6 Tips for Traveling with Type 1 Diabetes


I’m watching for my stop on a rickety train in rural Hungary, but there are no signs and I can’t understand the announcements. This isn’t the time to worry about my blood sugar levels.

I’ve had Type 1 diabetes for over 30 years, and it hasn’t stopped me from doing anything or going anywhere. I’ve traveled throughout Europe, Japan, Mexico, Southeast Asia, China, and the U.S. On all of my trips, taking care of my blood sugar levels is my first priority, but that doesn’t get in the way of the adventure.

From personal experience, here are 6 tips on rules of the road for traveling with Type 1:

Know your blood sugar

Recently in the small Czech town of Cesky Krumlov, I had a small sandwich and coffee at a little café in the shadow of an ancient castle. My blood sugar was fine before the meal.

Two hours later, though, I was over 300. How? It must have been the dense bread. From then on, I started upping my dosage when eating bread in Europe, and my readings improved.

Even familiar foods may be prepared differently in foreign locales, so you can never be positive what will happen with your blood sugar. Check often, including every time you eat something new, even if you think you know what your reading is going to be.

Don’t get down about “bad” blood sugars

Throughout several weeks in Estonia and Latvia, I was consistently high. No matter what I did, I often was over 200. It was starting to get to me, but I didn’t give up. By patiently experimenting with my Humalog doses, my readings eventually improved to an acceptable level.

In times like these, it’s good to keep things in perspective. Uneven sugar levels happen to all people with diabetes, whether they are traveling or not. Wouldn’t you rather have yours on a cable car moving through the beautiful, snowy mountains of Slovakia than in your living room?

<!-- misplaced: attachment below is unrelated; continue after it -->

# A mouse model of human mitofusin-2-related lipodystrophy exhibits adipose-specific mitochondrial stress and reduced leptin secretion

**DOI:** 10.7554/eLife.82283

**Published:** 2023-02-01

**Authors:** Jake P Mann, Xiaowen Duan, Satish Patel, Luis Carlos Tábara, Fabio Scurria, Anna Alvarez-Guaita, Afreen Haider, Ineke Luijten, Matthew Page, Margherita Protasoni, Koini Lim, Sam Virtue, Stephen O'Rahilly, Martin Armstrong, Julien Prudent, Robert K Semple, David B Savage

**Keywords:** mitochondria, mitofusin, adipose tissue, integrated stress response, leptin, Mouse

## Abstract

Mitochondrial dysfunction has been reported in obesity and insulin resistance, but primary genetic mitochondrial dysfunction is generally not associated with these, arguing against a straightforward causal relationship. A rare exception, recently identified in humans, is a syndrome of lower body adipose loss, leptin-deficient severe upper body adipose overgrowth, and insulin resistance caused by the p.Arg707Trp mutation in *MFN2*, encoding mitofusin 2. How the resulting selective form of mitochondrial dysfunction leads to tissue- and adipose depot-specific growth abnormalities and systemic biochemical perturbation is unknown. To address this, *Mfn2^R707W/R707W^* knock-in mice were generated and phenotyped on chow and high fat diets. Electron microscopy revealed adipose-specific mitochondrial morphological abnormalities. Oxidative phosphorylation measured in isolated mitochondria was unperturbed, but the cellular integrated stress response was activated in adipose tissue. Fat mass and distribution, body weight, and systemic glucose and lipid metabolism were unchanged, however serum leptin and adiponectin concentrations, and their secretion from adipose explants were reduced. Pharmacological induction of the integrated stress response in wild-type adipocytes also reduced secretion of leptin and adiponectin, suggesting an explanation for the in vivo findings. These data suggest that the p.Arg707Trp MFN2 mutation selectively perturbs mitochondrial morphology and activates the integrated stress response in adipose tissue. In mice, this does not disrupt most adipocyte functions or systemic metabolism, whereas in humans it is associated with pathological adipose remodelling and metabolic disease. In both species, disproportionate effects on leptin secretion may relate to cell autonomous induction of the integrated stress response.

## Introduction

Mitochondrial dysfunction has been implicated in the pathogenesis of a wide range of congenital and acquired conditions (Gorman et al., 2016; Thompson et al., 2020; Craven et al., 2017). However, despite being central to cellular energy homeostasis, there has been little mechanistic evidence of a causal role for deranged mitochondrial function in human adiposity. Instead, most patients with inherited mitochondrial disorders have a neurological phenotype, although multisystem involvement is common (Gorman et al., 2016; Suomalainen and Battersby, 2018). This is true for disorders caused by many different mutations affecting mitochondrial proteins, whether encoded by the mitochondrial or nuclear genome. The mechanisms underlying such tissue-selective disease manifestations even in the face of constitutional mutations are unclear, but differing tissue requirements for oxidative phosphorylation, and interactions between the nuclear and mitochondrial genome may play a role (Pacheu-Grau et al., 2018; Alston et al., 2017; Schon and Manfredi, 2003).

Double-check everything

One time I took a bus from Kuala Lumpur, Malaysia down to Malacca. On the way I realized I’d left my entire insulin supply in the drinks cooler of the guesthouse; I only had enough on me for a couple days, and no backup. I had to cut my Malacca trip short and catch a bus back to Kuala Lumpur.

Train yourself to always check and double-check the packing list in your head. This is especially important on early mornings when you’re groggy and running to catch the one daily bus from Point A to Point B.

The author, on a bike trip in Szigliget, Hungary.

Don’t worry so much about finding supplies

Once, in Chumphon, Thailand, I was running out of Humalog. I went to the small provincial hospital on the off chance that they might be able to help. It was quiet. A pigeon was flying around the waiting room. It wasn’t looking hopeful.

But the English-speaking doctor told me I could indeed get Humalog at an expensive private clinic in town, or I could buy ActRapid right there cheaply. After going back to my guesthouse and doing some online research, I chose the ActRapid. It served me fine for the next couple months through Cambodia and Vietnam.

While it’s good to research your destination beforehand, and talk with your doctor about your proposed itinerary, you can find a way to get nearly anything in the most unlikely of locales. People with diabetes exist everywhere, and they need supplies just like you do.

Always carry emergency food

If you’re walking a lot or guessing at insulin doses on the road, you’re going to occasionally end up low. I always make sure I have at least a small bottle of juice and a couple chocolate bars in my day pack. I don’t like to leave my room for even a few minutes without something.

Most places I’ve been have kiosks or small markets where you can find something suitable for low blood sugar snacks, but sometimes a town is small enough that it can be tough to find anything. It can even happen in big cities; in Warsaw, Poland, I was unable to find any shop open at 7 pm on a Sunday.

To be safe, assume you will be unable to find snacks later, and stock up when you can. Then always replace what you do use as soon as possible.

Learn the lingo

It can be helpful to learn the local word for “carbohydrate” so you can read the nutrition label, which is on most products. Also, it’s good to note that sometimes carbs can be listed either for a “serving size” or per 100 grams. Read it carefully so you know how much you’re eating.

As long as you check your blood sugar often, make smart adjustments based on your readings, and keep a positive attitude in the face of disappointing results, diabetes can’t stop you. Travel with diabetes, not in spite of it.

Now grab your supplies, buy a ticket, and go exploring!